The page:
In the same way that I love taking workshops, I also enjoy teaching them...and especially the planning! Planning out a new class and doing the research leads me in all kinds of different directions which interest me a lot - and I hope will interest the students!
Currently I'm having a lot of fun understanding, analyzing and deconstructing various abstract art works (particularly those by women artists) in both modern and contemporary art (modern being 18602 to 1970s.... and contemporary art being that made by still living artists) and seeing how their design and construction processes might relate to fiber. I was afraid this was not a legitimate activity until I came across this you-tube clip by Elizabeth Murray - one of the foremost artists of the 20th century where she talks about deconstructing a de Koonig painting in order to learn from it.
Murray is fascinating as a painter because she was both representational and abstract at the same time being indifferent to attempts to classify her as belong to one art form or another. There is such a tendency in the arts to try to group people according to genre - which as art quilters, or are we fiber collagers? or mixed media artists? - we constantly run into. Murray is credited along with Philip Guston, Frank Stella and Brice Marden as rebuilding painting (which was thought to be "dead"!) during the 1970s with her innovations and bold expansion of ideas. As such she is a great source for inspiration not only for painters but for all artists. And so are many other amazing women painters of the last 100 years!! This is going to be a great year of exploration for me.
I did have another idea for a class - but couldn't get any interest in it...that was "the Sensuous Quilter" - we were going to see, hear, smell, feel and taste our way to new designs!! Ah well, it's good to have some crazy ideas once in a while - even if people think you are - well - crazy!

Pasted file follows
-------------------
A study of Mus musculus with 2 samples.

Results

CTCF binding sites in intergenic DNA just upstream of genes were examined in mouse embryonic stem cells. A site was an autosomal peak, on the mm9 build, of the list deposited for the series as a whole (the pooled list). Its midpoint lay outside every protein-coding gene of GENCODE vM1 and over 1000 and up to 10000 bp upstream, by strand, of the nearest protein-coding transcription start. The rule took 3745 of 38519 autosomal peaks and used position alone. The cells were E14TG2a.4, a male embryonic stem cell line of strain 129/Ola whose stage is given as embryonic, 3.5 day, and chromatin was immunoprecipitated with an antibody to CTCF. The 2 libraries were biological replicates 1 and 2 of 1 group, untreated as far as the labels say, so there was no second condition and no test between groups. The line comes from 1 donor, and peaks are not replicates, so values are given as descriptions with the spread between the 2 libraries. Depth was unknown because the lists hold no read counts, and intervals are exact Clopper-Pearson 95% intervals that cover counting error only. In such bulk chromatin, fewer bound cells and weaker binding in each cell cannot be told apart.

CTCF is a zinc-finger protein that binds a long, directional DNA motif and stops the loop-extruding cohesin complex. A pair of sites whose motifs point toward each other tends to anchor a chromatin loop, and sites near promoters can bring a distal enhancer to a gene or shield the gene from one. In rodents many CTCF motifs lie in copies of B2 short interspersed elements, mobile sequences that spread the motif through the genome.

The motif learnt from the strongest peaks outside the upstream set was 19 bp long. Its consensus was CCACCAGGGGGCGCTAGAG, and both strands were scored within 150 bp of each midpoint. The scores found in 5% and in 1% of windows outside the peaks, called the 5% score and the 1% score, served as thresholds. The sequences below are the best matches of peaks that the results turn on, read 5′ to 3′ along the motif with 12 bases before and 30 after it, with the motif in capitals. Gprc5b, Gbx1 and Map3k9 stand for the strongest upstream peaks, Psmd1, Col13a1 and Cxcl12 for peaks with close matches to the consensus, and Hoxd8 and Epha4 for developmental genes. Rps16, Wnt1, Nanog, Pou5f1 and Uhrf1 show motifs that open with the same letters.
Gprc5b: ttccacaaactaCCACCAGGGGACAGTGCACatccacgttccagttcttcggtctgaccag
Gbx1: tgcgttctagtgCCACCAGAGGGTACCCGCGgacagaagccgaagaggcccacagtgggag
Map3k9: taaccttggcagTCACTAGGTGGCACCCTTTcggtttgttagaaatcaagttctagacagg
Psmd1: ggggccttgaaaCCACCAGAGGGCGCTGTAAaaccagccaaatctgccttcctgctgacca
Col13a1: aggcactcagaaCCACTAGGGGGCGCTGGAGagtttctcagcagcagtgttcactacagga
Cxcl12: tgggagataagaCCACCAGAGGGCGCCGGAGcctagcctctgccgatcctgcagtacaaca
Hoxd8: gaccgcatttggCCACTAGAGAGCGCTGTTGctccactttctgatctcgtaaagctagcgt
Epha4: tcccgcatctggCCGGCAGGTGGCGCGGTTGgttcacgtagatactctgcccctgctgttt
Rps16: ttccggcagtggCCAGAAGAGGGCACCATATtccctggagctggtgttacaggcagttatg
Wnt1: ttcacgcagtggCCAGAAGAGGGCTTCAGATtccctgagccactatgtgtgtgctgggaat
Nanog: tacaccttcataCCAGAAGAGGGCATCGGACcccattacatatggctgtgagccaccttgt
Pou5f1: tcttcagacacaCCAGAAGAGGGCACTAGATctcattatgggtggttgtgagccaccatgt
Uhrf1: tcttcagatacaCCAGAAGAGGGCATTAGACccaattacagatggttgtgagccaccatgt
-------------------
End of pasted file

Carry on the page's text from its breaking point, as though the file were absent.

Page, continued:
I'd love to take a workshop in abstract art, but have never seen one...so that's why I decided to build my own! As well as looking at videos, I'm also reading What are You Looking At by Will Compertz which proves to be a fascinating look at all the different movements there have been in art since the mid 19th century (and the invention of the camera which changed everything).
Meanwhile my Dyeing to Design class at Quilt University starts this Friday and in two weeks my Inspired to Design class also starts at Quilt University. If you've not taken a class with me before, that's a great first class. My first abstract class will be at Arrowmont in August. Quilt University has the best value of any online classes I've come across - check them out!
And looking back to last year, I'm honoured to be nominated again for one of those Professional Quilter TOTY (Teacher of the Year) awards. At first I was a little puzzled by the announcement that I might get a TOTY award because the word "tottie" has somewhat different connotations in England!!!
Well back to abstraction! or is it forward....
And, if you have been, thanks for reading!
Elizabeth Murray's work reminds me of graffiti art.
Elizabth, Have you ever raed this blog?
sighhh - I think I'll just keep telling you all the things I want to learn and let you develop great workshops on them! You picked just the right things - don't be surprised when I show up in one these classes!
Re Hilary's comment -good observation! I think a quite a few contemporary artists have been influenced by graffiti - inspiration is drawn from everywhere! Fashion designers are said to look to what's happening on the street too.
Re Beth: thanks for the link!! It's always very interesting to read someone else's (non art speak!) take on a painter.
Re Nina Marie - ye! please do!!! Ideas always very welcome!